A culture of inefficient government spending is endemic in Washington, D.C. However, such behavior is particularly frustrating for taxpayers when the rare example of spending less money produces an unsatisfactory outcome. This is unfortunately how the funding structure for Senate office expenses is designed.
Due to a perverse system of incentives, senators who do not spend all of the money appropriated for their offices often end up subsidizing the profligate spending of other senators’ offices or funding the miscellaneous needs of the Appropriations Committee. Under Senate rules, only a portion of a senator’s total savings goes toward deficit reduction. This report outlines the problem and provides recommendations to resolve the issue.
According to the Secretary of the Senate’s May 2011 Report, $422 million was appropriated in fiscal year (FY) 2010 to the Senator’s Official Personnel and Office Expense Account (SOPOEA), which is a pool of money from which senators draw funding for their personal offices. Appropriations for each individual office is based on a funding formula that takes into account factors such as the distance from Washington, D.C. to a senator’s home state and the state’s population. For example, Senator Barbara Boxer (D-Calif.) was authorized $1.15 million more than Scott Brown (R-Mass.) as a result of the differences in the cost of travel and constituent services between the senators’ two states ($4,873,152 and $3,720,758, respectively).
After subtracting a mandatory contribution of $107 million for Senate employee benefits and $4 million for other fixed costs, the total amount available for Senate offices to spend was $311 million. Although the sum of all authorized office funds in FY 2010 equaled $340 million, the Appropriations Committee appropriated $29 million less than the formula-driven authorization, knowing that senators as a whole usually do not spend their entire authorized amount.
Although a majority of senators did not spend all of their appropriated amount in FY 2010, much of the savings were not put toward deficit reduction, but were instead returned to the Appropriations Committee and used to pay for other government expenses, as well as to subsidize the excessive spending of other Senate offices.
One way to evaluate how efficiently each senator spends his/her office funds is through calculating their pro-rated share of the funding pool. This can be determined by calculating the proportion that an office’s authorization makes up of the total authorization for the entire pool of funding and applying that proportion to the overall appropriated amount. As an example, in FY 2010, Senator Richard Shelby (R-Ala.) received 0.94 percent of the total $340 million authorized to the SOPOEA. Consequently, Senator Shelby’s pro-rated share of the $311 million of available funding was $2.9 million. In total, Senator Shelby spent 39 percent ($1,143,524) less than his pro-rated share. On the other end of the spectrum, Senator Boxer spent 9 percent ($390,607) above her pro-rated share of $4,873,152.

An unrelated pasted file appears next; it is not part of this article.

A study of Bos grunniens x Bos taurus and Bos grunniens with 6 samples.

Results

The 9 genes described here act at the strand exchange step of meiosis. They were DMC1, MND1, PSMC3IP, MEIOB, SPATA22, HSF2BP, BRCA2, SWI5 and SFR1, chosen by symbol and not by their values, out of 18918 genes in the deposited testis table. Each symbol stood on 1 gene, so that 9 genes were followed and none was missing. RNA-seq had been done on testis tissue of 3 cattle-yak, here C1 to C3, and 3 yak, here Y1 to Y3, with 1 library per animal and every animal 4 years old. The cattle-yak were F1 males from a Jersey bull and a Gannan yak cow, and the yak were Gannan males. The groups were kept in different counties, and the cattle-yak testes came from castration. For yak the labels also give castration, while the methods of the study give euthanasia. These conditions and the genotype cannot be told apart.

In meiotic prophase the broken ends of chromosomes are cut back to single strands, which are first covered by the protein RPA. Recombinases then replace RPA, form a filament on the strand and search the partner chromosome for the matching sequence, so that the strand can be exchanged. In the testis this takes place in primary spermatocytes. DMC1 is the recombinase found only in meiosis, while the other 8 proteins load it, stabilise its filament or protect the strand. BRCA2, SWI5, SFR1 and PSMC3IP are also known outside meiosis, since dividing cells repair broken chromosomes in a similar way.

Citizens Against Government Waste’s analysis of the funding data in the May 2011 Report of the Secretary of the Senate revealed that out of the 102 senators who were in office for all or part of FY 2010, 52 senators spent less than their pro-rated share, while 50 senators spent more than their share. The cost-efficient senators spent a combined $11,475,698 below their share. Unfortunately for taxpayers, those savings were largely used to supplement the spending of the other, more profligate half of senators, who spent $7,672,109 above their cumulative share.
There are several viable ways to reform the office expense system for members of Congress. Legislative proposals include H.R. 121, Rep. Phil Gingrey’s Congressional Budget Accountability Act, which would require any funding remaining in a Member’s Representational Allowance (MRA), which is the House of Representatives’ version of the SOPOEA, at the end of a fiscal year to be deposited in the Treasury and used for deficit reduction or to reduce the federal debt. A similar bill, Rep. Steve Scalise’s (R-La.) H.R. 262, the Mandatory Returning of Allowances (MRA) Act, would require any amounts remaining in a MRA at the end of a fiscal year to be deposited in the Treasury and used to reduce the federal debt. The Senate could benefit from adopting similar reforms to its funding structure for office expenses.
Another way to improve the Senate office funding process would be through implementing a tighter spending limit. In FY 2010, 23 senators saved more than 5 percent of their pro-rated share and 11 senators saved more than 10 percent. Conversely, 22 senators exceeded their pro-rated share of the SOPOEA by more than 5 percent. With such a large number of senators able to spend significantly less than their pro-rated share, it is clear that each office could easily get by with a lower overall funding level. The House of Representatives cut the MRA by 5 percent for the 112th Congress, but the Senate did not reduce the SOPOEA.
The funding system for the SOPOEA is a quintessential example of Washington budget gimmickry. It is absurd that appropriators can use a senator’s savings for purposes other than deficit reduction. Reducing Senate office budgets and requiring any money saved to be used for deficit reduction should be adopted as a permanent change to Senate rules.